What is Botrytis?
These are one of the most common type of plant diseases.
Also called "grey mould", they are serious, widespread diseases worldwide on flowers, vegetables, ornamentals, fruits and some field crops.
They are very common in greenhouses.
Mainly occurs on flowers or fruit, but can also appear as damping off of seedlings, stem cankers, spots on leaves, or rots of below ground parts such as tubers or bulbs.
Blossom blights often precede rots on other parts of the plant.
Flowers turn brown and rots, and the infection spreads to other plant parts.
In humid conditions a noticeable fluffy grey/brown growth is produced that is characteristic of Botrytis disease.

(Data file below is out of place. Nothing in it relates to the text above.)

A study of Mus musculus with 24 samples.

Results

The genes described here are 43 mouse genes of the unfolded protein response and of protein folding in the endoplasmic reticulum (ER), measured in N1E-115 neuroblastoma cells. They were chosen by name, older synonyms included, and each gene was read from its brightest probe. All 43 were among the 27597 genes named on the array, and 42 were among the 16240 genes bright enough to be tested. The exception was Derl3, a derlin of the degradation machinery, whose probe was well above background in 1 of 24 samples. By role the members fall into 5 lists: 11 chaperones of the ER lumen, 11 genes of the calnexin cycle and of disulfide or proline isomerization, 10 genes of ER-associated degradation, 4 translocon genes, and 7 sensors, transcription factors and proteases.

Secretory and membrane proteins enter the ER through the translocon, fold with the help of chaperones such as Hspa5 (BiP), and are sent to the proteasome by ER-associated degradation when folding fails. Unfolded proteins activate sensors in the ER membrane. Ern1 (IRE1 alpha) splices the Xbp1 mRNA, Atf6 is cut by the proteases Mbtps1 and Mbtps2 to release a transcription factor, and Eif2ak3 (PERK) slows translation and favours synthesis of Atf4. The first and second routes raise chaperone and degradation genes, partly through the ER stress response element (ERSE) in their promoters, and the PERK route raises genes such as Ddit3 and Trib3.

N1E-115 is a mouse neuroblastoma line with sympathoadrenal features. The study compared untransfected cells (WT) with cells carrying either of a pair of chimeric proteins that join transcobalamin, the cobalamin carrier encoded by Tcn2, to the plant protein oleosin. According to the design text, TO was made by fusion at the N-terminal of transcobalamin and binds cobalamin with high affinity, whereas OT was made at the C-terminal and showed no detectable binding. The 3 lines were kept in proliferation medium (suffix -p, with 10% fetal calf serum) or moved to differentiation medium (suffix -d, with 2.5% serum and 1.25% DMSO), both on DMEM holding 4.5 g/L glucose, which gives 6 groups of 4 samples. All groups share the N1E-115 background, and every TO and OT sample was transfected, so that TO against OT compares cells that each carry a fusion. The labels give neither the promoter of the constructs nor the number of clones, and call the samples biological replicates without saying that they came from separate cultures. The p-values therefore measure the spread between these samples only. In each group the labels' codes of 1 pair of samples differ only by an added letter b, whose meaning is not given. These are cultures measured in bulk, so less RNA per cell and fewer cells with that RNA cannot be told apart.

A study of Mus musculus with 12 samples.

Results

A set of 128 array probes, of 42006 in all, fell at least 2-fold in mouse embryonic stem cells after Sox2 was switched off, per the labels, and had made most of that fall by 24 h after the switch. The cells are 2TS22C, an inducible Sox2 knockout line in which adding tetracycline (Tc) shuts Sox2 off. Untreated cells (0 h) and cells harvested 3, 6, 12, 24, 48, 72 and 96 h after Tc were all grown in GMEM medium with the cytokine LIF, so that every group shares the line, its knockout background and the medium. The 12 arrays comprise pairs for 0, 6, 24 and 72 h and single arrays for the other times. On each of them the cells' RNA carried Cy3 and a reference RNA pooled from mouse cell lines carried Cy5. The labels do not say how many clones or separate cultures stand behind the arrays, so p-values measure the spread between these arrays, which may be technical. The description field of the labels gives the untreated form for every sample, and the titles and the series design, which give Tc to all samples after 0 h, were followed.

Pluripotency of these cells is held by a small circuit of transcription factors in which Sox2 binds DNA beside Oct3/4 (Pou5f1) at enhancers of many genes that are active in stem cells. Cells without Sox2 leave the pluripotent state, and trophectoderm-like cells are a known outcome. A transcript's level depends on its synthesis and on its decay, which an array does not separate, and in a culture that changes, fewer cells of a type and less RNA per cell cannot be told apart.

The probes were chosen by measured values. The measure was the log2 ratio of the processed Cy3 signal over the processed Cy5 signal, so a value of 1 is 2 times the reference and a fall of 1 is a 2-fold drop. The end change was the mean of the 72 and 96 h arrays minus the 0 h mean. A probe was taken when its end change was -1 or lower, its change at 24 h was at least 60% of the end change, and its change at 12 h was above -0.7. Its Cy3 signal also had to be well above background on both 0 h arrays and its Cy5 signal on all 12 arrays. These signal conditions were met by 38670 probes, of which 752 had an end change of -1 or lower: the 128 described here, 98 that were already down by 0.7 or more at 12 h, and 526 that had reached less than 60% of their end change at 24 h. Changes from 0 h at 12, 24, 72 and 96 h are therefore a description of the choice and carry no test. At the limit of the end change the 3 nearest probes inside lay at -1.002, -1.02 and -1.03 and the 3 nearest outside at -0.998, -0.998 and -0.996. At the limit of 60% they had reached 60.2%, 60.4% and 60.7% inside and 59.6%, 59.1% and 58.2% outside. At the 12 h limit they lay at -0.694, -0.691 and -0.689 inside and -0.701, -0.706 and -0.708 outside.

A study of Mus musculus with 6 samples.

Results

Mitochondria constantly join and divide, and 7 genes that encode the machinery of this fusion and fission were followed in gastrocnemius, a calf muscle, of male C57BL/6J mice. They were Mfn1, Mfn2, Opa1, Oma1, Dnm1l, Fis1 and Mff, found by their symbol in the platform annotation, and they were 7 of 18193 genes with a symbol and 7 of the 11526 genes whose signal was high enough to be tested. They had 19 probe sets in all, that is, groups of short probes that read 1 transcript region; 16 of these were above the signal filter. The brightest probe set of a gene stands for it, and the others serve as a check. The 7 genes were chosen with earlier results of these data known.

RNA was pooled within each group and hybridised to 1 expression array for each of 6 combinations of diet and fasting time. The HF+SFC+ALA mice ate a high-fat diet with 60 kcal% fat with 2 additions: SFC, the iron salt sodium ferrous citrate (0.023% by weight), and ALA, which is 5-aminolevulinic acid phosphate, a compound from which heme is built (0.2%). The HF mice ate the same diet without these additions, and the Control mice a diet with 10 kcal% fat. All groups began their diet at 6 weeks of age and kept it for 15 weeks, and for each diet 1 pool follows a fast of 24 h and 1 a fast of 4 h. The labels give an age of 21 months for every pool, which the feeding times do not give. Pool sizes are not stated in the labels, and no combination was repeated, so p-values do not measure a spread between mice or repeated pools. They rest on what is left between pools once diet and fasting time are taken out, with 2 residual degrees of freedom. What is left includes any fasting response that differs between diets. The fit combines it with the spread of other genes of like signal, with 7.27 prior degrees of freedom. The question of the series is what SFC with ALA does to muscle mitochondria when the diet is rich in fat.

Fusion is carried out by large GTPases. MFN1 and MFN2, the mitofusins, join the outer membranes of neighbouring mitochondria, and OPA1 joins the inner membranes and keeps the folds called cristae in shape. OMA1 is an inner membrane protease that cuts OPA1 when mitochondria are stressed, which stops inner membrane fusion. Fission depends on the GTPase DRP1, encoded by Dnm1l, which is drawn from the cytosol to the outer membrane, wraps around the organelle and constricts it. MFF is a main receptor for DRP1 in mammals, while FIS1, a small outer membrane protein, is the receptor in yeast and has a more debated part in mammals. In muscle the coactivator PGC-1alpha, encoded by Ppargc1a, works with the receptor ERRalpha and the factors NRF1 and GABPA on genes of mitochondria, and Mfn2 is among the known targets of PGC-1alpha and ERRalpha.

Plants Affected: Vegetables, fruits, ornamentals and some field crops.
Control: Natural - In greenhouses humidity should be reduced by improved ventilation and increased heating. Harvested plant storage organs such, as onion bulbs can be stored at 32‑50 degrees C for 2‑4 days to remove excess moisture then stored at low temperatures in as dry conditions as possible.
Chemical - Benlate, Fongarid (soil drenches), Zineb, Difolitan and Maneb have been used to control Botrytis. Strains of Botrytis resistant to some of these chemicals have been found.
Fire Botrytis (Botrytis tulipae)
Brown spots on tulip flowers & leaves. Spots may spread to cause rot of the stem. Infected bulbs are stunted and pale in growth. Grey fur-like damage may develop on damaged parts in warm humid weather. This fungus develops sclerotia (seed-like structures) which can remain in the soil or stay attached to infected plants. Hygiene is therefore important.
Control: Mancozeb or benomyl. Discard infected bulbs, practice crop rotation, avoid overhead irrigation, and do not apply excessive amounts of nitrogenous fertilizers.